Excellent news: there is yet one more GOP candidate in the 2016 presidential contest. To paraphrase Dickens describing there once being two popes in Europe, “As if 16 were not enough.”
Former Virginia Governor Jim Gilmore has entered the race; we’ll call him 17. My guess: he will not qualify for the Fox prime-time debate scheduled for August 6. But, he can still try. By the terms of the event, if Gilmore can become one of the top ten highest-polling candidates by 5 pm on August 4, he will be onstage at 9 pm. With The Donald almost sure to attract crowds hoping for a Nascar-type smash-up, and some viewers actually interested in the candidates’ policies, the debate will draw a big crowd, offering GOP hopefuls rare national exposure.
Number 17 is probably too late. Unless he shimmies up the flagpole of the
This, indeed, is the problem with how the Republican debate has been arranged. Who knew that by selecting only the top-polling candidates on a certain date Fox would encourage the kind of outrageous and in some cases damaging behavior we have seen? That The Donald would be rewarded by making offensive comments about Senator John McCain, or that Ted Cruz would try to bolster his standing by calling President Obama “a sponsor of terrorism,” as Politico framed his remarks about the Iran deal? Or that Mike Huckabee would score big by saying that Obama’s Iran deal “will take the Israelis and march them to the door of the oven.”
In our cluttered media landscape, it takes more than a dignified speech on fiscal priorities or education reform to break through. One reason that Donald Trump has soared to the top of the leaderboard is that he has not had the rough edges buffed smooth by decades of political life, where every comment is weighed and measured for its impact on various interest groups. His followers love his unbridled speech, because it is so different from conventional (real) politicians.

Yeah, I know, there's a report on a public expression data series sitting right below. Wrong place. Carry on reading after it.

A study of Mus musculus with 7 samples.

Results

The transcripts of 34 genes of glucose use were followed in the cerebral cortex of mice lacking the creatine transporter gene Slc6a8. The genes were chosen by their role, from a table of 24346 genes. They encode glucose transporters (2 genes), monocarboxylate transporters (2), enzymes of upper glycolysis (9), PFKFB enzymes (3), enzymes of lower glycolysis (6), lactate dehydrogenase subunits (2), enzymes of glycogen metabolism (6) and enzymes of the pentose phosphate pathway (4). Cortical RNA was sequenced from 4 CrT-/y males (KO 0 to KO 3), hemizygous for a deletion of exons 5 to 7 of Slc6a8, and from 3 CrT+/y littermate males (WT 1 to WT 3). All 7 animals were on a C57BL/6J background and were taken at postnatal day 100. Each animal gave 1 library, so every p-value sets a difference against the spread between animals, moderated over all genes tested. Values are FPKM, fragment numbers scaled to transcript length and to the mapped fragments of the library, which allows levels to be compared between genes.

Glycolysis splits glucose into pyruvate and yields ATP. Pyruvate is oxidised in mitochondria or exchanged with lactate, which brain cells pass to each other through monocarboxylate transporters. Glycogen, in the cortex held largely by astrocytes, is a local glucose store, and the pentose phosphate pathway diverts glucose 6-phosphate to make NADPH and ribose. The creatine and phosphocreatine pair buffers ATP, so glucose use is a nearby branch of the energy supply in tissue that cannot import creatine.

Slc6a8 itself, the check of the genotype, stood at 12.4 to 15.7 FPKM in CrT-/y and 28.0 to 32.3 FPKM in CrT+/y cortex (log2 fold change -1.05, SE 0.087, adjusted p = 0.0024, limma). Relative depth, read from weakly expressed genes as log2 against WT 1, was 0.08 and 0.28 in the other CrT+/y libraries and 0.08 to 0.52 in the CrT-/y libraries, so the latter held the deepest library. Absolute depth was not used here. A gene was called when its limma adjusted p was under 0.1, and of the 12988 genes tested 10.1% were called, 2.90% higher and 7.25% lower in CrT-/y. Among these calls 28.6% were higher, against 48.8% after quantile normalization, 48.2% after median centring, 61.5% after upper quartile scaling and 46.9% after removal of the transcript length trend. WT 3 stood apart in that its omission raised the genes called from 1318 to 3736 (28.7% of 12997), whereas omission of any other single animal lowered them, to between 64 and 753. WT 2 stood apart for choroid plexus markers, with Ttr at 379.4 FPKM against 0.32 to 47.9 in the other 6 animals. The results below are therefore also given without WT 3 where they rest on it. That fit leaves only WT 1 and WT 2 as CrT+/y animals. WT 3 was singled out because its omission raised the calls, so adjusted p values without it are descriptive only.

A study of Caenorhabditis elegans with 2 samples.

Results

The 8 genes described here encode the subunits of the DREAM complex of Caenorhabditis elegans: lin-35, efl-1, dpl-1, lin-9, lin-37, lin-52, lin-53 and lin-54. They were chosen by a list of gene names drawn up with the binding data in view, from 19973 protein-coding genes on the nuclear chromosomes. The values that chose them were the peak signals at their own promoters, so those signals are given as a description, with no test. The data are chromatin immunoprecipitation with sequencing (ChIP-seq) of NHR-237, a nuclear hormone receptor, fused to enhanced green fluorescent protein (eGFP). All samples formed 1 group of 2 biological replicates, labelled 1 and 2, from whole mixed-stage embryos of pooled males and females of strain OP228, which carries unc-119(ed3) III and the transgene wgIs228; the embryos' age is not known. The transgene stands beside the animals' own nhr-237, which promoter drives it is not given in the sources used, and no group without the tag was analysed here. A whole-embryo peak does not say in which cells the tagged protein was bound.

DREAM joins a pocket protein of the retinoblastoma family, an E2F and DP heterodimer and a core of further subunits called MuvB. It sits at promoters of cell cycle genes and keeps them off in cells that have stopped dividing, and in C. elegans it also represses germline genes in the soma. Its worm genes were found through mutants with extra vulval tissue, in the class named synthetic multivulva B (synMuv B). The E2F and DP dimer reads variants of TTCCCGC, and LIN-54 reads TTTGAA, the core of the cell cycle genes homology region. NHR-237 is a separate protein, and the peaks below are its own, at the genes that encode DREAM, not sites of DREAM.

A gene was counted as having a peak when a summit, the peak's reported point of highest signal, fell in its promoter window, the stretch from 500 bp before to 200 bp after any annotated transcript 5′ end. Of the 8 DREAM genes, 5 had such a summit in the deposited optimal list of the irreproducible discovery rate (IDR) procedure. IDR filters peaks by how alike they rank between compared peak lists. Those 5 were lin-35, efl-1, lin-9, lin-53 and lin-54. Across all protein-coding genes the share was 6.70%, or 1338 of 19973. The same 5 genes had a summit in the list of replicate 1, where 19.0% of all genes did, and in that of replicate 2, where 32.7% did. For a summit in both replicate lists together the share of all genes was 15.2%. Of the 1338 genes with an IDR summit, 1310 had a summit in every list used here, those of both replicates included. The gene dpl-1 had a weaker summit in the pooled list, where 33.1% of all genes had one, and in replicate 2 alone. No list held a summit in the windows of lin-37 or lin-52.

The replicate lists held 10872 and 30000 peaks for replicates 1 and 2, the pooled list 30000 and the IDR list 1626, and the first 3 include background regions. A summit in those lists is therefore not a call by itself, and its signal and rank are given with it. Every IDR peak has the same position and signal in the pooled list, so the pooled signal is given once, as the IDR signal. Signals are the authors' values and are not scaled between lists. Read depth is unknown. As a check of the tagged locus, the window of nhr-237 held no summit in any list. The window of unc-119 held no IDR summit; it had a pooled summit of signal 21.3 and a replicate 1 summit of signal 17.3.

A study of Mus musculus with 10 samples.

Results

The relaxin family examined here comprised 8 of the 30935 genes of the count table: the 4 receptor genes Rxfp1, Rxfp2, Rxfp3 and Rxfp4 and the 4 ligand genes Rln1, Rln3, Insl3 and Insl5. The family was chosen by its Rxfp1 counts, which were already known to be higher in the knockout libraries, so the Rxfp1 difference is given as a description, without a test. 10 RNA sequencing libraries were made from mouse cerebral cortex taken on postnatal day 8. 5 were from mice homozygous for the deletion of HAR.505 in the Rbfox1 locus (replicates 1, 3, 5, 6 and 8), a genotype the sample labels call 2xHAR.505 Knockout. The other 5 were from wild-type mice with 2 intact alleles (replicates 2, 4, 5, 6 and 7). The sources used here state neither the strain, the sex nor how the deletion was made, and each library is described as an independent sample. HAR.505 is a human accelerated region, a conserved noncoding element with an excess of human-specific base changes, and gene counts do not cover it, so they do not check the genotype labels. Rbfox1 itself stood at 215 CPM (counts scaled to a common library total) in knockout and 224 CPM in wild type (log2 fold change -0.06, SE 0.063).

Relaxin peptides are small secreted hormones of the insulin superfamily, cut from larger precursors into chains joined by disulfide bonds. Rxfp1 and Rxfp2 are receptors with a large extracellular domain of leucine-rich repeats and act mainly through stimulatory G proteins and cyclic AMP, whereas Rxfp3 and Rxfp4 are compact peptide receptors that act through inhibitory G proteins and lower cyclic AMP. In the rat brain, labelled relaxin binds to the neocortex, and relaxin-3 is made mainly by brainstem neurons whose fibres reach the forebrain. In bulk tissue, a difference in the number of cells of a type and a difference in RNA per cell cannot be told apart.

Over time, it is likely to emerge that his thinking is just as undisciplined as his words. No one who has supported Hillary Clinton in the past, or who is a fan of a single-payer health system, is a conservative. This will become apparent, and Mr. Trump’s popularity will fade as he has to weigh in on actual policy issues that require judgment and knowledge. (This may be why recent polls show him losing in theoretical match-ups with Hillary and even Bernie Sanders, unlike Jeb Bush, for instance, who tops both possible rivals.)
Subtlety is not much fun, but most questions confronting our country are not easily resolved with one-liners. For the time being, though, the debate formula is rewarding our most belligerent, out-there candidates, and that is not good.
Here’s an alternative plan, for the next time around. Instead of having one major prime-time confrontation, why not schedule two or three, and draw names out of a hat to see who appears on which date? Limit the number of participants to five or six, so that some meaningful discussion can take place. If there are 17 people in the race, as there are today, there could be 3 events, each with 5 or 6 debaters. At the least, the candidates would be left to campaign as they have historically, speaking to the issues that voters care about, rather than trying to score the biggest headlines.
This clearly might be expensive for a TV network; it would also serve the public good. Electing a capable, thoughtful leader is one of the most important tasks our country faces, and one at which we have failed of late.